A staggering £78 billion of unclaimed assets is languishing in long-forgotten bank accounts, pension pots and investment accounts.
The amount has spiralled to an all-time high, according to exclusive research for The Mail on Sunday by Gretel, an online service which reconnects people with lost and dormant accounts.
Nearly three in ten UK adults admit they could have money collecting dust in an old account, a study run by the company reveals.
Have you got a stash of cash?: Gretel is an online service which reconnects people with lost and dormant accounts
Banks, building societies, wealth managers and insurers typically lose track of their customers when they are not informed of a change in address. It has created a mountain of lost money that experts now warn will only continue to grow, after a major service that helped people track their money down closed last year.
Credit checker Experian closed its Unclaimed Asset Register, a database of members of the public who have unclaimed assets, as it was unprofitable despite charging £25 a search.
But with just a spot of detective work it is easy to find out at no cost if you – or loved ones – have a hidden chest of treasure.
Consumer website Money Saving Expert says: ‘It is worth spending perhaps ten minutes checking to see if you have such a windfall. It is free and easy to check online.’
Bank accounts can be declared dormant if a bank, building society or wealth manager is getting letters that it sends out to you returned – with an explanation that you no longer live at this address.
This is usually accompanied by a period of inactivity – where you have not touched any funds – for between one and five years.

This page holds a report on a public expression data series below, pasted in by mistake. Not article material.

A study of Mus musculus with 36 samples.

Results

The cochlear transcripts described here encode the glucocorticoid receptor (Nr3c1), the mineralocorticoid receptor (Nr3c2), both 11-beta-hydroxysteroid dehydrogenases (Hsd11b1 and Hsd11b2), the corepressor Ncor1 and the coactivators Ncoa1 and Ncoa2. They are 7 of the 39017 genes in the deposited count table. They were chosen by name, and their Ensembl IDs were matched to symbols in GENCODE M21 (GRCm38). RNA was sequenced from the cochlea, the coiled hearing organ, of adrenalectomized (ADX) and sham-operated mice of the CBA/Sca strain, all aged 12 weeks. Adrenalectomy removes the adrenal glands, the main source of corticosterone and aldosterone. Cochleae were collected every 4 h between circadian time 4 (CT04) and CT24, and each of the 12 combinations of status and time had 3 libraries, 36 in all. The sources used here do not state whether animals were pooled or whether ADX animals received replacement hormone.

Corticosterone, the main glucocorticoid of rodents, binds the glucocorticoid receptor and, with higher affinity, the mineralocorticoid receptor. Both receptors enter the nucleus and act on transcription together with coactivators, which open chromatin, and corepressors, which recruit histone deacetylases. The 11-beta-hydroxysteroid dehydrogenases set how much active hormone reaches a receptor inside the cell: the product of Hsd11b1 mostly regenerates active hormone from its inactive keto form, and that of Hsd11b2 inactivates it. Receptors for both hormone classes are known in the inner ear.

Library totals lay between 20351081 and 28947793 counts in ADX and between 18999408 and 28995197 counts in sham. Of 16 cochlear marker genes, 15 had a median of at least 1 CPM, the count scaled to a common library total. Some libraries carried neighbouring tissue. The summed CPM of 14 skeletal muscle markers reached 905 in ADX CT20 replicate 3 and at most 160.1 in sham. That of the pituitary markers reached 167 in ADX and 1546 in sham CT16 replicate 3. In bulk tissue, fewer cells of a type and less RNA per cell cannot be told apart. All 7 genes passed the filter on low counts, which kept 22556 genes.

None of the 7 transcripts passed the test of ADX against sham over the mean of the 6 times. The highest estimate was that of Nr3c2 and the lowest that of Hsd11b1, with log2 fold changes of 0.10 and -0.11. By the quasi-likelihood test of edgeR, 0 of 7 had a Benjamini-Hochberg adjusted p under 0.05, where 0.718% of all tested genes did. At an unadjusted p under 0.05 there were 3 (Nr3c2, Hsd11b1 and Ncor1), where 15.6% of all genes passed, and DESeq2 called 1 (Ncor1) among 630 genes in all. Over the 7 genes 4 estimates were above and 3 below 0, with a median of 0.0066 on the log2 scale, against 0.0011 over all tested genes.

To find out if you fall into this category – for both current and savings accounts (including money held by National Savings & Investments) – you should visit the Government-backed website mylostaccount.org.uk.
The service is jointly funded by banking industry body UK Finance, the Building Societies Association and National Savings & Investments.
All that is required for a search are a few basic details, such as your name (including previous ones in the case of marriage), your address (list as many old addresses as possible) and your date of birth.
When it comes to tracking down old workplace pensions from previous jobs that you may have forgotten about, you need to use the Pension Tracing Service – at gov.uk/find-pension-contact-details. For investments, the Investment Association may be able to help you out at theia.org. Or for investment trusts go to the Association of Investment Companies at theaic.co.uk.
Insurance policies can also occasionally be forgotten and fall through the cracks. The trade body the Association of British Insurers can help with a list of insurers and tracking service at abi.org.uk/data-and-resources/tools-and-resources/tracing-an-insurance-policy.
All is not lost: You can track down investments, pensions and bank accounts using a free online service
Finally, if you have failed to get hold of money using your own detective work, a free service such as the one provided by Gretel is a great place to go – you have nothing to lose. The company makes its money by charging banks and other finance houses to agree to be on its database.
You can also use the Gretel service to hunt down family, friends and those who have died.
Duncan Stevens, chief executive of Gretel, says: ‘At a time when every penny counts these dormant accounts can be a lifeline. You should reclaim what is yours right now.’
According to Gretel, the majority of lost money is in pension pots – accounting for about £40 billion. As many as two million people are believed to have forgotten retirement plans that would typically pay out at least £20,000 each.
A further ten million people have bank and building society current and savings accounts that were opened many years ago but are now dormant – with £4.5 billion shared out among this large group of people, the average windfall that someone might expect is £450.
Some two million people are believed to have shares worth £1,250 that remain unclaimed and a further 2.5 million have life insurance policies that would on average pay out £800 if the policyholder manages to track them down.
Child Trust Funds is another major area where money has been forgotten over the years – and the children are now grown up. There are an estimated one million people with a total of £2.2 billion – so averaging £2,200 each – with such Child Trust Funds.
The amount of NS&I savings unclaimed is relatively small at £60 million but provides an average nest egg of £40.